Three-fold difference in mortality rates by occupation
A person's occupation can mean a three-old difference in mortality rates, with the unemployed faring worst, researchers have found.
A Glasgow University study found people who work in factories and in construction have higher death rates than doctors and teachers.
Housekeepers and cleaners were also identified as at risk groups.
The findings, published in The Lancet Public Health, examined UK mortality rates by occupation from 1991 to 2011.
The report, by the university's MRC/CSO Social and Public Health Sciences Unit, is the first study to rank mortality rates by occupation in the UK in 30 years.
Dr Vittal Katikireddi, lead author of the research, said: "Our results show that there were very large differences in death rates by occupation, with professional occupations such as doctors and teachers faring far better than factory workers and garment trade workers.
"We studied trends over a twenty year period where we found that in most occupations mortality rates have fallen.
"However, in some they have remained stagnant and for women in some occupational groups, such as cleaners, mortality rates have even increased."
The team confidentially analysed mortality rates and occupational data together for adults aged 20 to 59.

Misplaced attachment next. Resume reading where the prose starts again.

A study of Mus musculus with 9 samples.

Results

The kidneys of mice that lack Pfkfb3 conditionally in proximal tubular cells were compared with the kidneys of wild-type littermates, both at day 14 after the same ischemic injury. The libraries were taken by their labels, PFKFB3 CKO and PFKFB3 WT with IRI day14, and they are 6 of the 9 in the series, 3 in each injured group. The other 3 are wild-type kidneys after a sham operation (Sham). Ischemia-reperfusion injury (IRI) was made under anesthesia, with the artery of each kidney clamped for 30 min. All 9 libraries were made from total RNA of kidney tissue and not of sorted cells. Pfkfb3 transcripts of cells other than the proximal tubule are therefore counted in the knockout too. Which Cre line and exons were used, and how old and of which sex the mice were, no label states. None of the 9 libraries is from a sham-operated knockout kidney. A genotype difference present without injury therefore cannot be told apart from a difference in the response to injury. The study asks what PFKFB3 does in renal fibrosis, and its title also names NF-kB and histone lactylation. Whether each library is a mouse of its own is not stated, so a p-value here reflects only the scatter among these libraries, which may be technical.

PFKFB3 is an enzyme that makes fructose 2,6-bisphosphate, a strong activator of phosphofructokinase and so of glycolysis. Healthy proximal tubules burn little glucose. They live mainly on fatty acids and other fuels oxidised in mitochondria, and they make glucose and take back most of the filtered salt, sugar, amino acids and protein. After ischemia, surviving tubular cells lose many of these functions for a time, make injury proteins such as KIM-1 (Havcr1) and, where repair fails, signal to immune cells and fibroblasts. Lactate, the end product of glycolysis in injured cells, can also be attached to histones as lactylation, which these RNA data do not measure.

Researchers also compared differences in mortality rates between Scotland and the rest of the UK, revealing that higher rates of death in Scotland were concentrated in the lowest skilled occupations.
Men who were health professionals - such as doctors, dentists, psychologists, pharmacists, opticians and vets - had the lowest mortality rates.
Among women, teachers and business professionals were found to live longer.
The highest mortality rates were recorded among unskilled construction workers and those working in factories or similar settings.
But the highest death rates overall occurred in men who reported no occupation.
Dr Katikireddi urged politicians to take heed of the findings.
He added: "Our study has particular relevance to policymakers in Scotland as there has been considerable concern that health outcomes in Scotland are poorer than elsewhere in Western Europe.
"Addressing Scotland's 'sick man of Europe' status requires paying particular attention to improving health among people working in low-skilled jobs and who are unemployed."
Zero hours contracts
The report also notes trends in the job market, such as zero hours contracts, could adversely affect health inequalities in the future.
Mortality rates by occupation were first calculated in 1851 following the UK's second ever census.
More recent research has focused on where people live and, according to the report, mortality in Scotland "remains consistently higher than elsewhere in the UK."
The study, Patterns of mortality by occupation in the UK, 1991-2011: a comparative analysis of linked census-mortality records over time and place, is published in The Lancet Public Health.